A North Carolina man who garnered viral attention after appearing in a powerful protest video is speaking out on the change he hopes to see in wake of George Floyd's death.
On Saturday, activist Curtis Hayes, 31, was seen having a passionate discussion with a 45-year-old man and a 16-year-old boy during a demonstration in Charlotte.
Hayes appeared live on "Good Morning America" where he shared the message behind the video, which has been viewed more than 20 million times.
"At that moment, I was looking at the 16-year-old young man and I told myself, 'I was once him,'" Hayes told "GMA's" Robin Roberts. "Then I looked at the 45-year-old man and said, 'I'm going to want to be him.'"
"I just came over with so much emotion because at that moment when I inserted myself, I understood that, 'Wow. This is three generations that is out here ... protesting and fighting for the same equality, and for the same change that my ancestors once did. So it just overwhelmed and overfilled my heart with anger and hurt and just frustration and confusion."
In the footage, Hayes pulls 16-year-old protester Raymond Curry aside, asking him to use his voice.
"Ten years, you're going to be right here too," Hayes can be heard telling Raymond. "The way we're doing it, it ain't working ... come up with a better way."
Hayes said he wanted Raymond and all young people to ensure their anger and confusion does not turn into rage. Instead, "we must educate ourselves on the laws, legislation and rights as U.S. citizens," he added.
"That is how you are going to get change," Hayes said.
"My uncle is out in Houston. He made a powerful statement. He said, 'Do not become criminals while fighting for change,'" Hayes said. "I think when you're out there and you're protesting and if you allow that anger to overtake you ... you'll do things outside of your character at that moment that could possibly deter you and hurt you for the rest of your life."
Floyd, a black man, died on Memorial Day after a former white Minnesota police officer, Derek Chauvin ... pinned him down by kneeling on his neck.
"It is time to take accountability…because the United States of America is now becoming where we are unified as a people and we want change." Activist Curtis Hayes, whose impassioned talk during a protest went viral, sends a message to citizens. pic.twitter.com/BqHOzvDWfj— Good Morning America (@GMA) June 3, 2020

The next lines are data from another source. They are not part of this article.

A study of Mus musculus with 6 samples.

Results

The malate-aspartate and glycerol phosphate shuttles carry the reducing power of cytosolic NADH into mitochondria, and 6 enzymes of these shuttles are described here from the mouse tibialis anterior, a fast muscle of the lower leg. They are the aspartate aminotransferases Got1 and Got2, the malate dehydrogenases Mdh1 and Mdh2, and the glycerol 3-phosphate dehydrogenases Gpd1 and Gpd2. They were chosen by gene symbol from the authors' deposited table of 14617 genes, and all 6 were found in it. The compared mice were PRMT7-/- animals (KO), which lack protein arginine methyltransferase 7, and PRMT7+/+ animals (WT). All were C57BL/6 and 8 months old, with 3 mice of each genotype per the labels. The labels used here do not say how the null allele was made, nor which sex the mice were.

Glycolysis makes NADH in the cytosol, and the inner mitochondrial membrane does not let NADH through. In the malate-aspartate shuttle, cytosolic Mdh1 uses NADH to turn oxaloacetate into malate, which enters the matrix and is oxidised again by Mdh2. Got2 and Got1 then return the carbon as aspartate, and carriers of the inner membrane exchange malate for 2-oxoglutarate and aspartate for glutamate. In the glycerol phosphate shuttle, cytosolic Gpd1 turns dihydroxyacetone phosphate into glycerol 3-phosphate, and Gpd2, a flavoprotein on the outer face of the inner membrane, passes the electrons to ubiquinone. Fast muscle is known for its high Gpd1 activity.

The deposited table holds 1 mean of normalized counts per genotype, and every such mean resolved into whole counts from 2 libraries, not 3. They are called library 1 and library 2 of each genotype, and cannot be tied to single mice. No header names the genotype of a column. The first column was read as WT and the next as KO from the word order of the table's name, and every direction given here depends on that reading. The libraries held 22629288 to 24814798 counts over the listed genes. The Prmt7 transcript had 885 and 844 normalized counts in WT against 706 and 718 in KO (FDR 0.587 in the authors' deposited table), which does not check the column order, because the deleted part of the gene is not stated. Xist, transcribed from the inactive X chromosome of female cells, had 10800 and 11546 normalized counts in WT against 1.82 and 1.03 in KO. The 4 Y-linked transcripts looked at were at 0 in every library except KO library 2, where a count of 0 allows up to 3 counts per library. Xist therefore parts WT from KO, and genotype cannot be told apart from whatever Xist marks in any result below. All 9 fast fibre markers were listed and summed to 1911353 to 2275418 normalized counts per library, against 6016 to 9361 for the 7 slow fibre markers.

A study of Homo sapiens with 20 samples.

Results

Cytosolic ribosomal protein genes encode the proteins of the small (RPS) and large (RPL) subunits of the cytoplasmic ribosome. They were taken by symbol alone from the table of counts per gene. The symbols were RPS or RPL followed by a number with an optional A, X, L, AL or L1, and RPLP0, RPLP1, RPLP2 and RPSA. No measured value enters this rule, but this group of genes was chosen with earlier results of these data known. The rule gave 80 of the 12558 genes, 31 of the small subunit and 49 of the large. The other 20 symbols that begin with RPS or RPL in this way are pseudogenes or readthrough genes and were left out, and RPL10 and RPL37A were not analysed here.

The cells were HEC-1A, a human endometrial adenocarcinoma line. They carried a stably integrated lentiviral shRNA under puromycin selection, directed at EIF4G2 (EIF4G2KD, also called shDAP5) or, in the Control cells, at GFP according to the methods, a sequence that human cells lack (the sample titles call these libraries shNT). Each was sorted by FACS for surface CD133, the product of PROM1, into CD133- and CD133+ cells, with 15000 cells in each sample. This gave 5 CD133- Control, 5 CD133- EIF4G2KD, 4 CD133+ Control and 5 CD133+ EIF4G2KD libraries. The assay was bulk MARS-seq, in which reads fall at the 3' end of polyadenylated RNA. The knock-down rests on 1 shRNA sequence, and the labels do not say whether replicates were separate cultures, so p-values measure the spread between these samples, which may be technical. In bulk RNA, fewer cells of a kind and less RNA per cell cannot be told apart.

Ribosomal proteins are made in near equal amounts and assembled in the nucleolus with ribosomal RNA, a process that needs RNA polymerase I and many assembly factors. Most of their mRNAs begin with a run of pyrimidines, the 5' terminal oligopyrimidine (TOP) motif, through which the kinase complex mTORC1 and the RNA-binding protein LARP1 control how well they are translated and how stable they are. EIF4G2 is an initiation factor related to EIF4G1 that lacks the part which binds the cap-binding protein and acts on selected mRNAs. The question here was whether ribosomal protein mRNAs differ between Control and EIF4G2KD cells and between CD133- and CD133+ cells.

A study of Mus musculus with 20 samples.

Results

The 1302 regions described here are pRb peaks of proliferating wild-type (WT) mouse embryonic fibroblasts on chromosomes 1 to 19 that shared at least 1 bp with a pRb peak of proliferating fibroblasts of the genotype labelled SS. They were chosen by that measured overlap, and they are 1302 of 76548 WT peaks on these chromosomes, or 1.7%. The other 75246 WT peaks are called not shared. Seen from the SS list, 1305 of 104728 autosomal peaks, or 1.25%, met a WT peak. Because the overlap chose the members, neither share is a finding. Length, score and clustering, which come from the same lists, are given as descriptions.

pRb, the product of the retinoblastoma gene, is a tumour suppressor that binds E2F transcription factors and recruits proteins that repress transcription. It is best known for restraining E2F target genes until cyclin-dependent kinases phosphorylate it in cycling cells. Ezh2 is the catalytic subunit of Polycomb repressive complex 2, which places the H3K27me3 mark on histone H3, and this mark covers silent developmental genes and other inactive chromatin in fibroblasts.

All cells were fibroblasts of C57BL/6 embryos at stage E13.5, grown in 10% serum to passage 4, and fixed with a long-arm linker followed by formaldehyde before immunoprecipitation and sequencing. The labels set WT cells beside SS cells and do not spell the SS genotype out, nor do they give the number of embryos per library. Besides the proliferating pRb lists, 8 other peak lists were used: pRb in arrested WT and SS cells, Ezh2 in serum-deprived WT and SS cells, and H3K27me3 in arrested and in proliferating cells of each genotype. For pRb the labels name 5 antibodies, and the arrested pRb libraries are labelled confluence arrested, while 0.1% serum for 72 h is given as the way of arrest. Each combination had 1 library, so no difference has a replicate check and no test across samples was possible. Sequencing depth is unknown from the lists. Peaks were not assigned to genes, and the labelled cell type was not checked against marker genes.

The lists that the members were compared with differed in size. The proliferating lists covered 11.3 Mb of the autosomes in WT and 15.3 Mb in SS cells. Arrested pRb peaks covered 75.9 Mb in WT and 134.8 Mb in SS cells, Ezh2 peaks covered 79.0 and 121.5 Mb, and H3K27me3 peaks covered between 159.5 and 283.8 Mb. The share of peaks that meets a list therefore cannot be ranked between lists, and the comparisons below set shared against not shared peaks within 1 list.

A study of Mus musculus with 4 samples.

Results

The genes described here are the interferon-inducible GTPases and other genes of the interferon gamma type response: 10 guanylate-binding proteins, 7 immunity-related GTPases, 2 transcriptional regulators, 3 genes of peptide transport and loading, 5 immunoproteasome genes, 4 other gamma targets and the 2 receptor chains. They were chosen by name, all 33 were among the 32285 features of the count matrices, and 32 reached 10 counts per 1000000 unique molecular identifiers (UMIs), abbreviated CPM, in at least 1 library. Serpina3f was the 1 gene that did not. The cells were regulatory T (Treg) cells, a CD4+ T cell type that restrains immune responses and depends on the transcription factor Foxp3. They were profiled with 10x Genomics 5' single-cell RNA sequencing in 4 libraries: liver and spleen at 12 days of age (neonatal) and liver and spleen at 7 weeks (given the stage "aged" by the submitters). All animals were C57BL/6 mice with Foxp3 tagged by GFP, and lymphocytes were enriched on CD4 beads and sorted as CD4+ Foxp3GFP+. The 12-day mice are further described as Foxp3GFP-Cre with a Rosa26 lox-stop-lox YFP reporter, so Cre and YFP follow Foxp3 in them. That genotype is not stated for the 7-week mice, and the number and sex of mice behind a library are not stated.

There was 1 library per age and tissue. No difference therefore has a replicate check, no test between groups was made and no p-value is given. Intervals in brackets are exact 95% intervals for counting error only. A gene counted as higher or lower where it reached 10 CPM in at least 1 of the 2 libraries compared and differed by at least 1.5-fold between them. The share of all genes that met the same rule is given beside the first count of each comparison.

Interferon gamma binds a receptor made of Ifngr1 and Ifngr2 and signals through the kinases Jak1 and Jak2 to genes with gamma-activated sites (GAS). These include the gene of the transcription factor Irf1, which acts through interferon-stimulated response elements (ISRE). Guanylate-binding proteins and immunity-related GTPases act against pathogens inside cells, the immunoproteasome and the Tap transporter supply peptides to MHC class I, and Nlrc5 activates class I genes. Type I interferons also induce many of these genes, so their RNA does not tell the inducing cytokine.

His death sparked outrage and protests in Minnesota which have spread throughout the United States. Some instances of civil unrest occurred, including vandalism and destruction of property. Many cities have issued curfews in response, and at least 9,300 people have been arrested.
Floyd's death also ignited conversations on racism, with Hayes urging people to "check your peers."
"Whether you're black or white, if you see your black peer that is getting out of hand, where they are causing chaos and ruckus in your movement, check them ... I'll also send that message to my white peers. My white men and my white women, you have to check your colleagues," Hayes said, adding, "we have to try and understand one another."
"If you do not understand me as a black man and I do not understand you as a white man, we will never have that dialogue where we can sit and say, 'Wow, thank you. I understand you and I will try to make a change within myself first and then within my communities and my homes and my city and my states.'"
Hayes is a father of two, including a 5-year-old boy. As a parent, he said he never wants his children to disobey the law, but always remember to fight what they believe it.
"Do not do it under chaos and destruction but do it the right way," he noted. "Make them feel you in your conviction, in your voice."
Hayes also hopes people challenge their city leaders.
"It is time for them to take accountability," he said. "The United States of America is now becoming where we are unified as people and we will not back down because we want change, and it starts with everyone from the lowest level all the way up to the highest."
Not only should we check each other, Hayes said, but "love on each other at all times."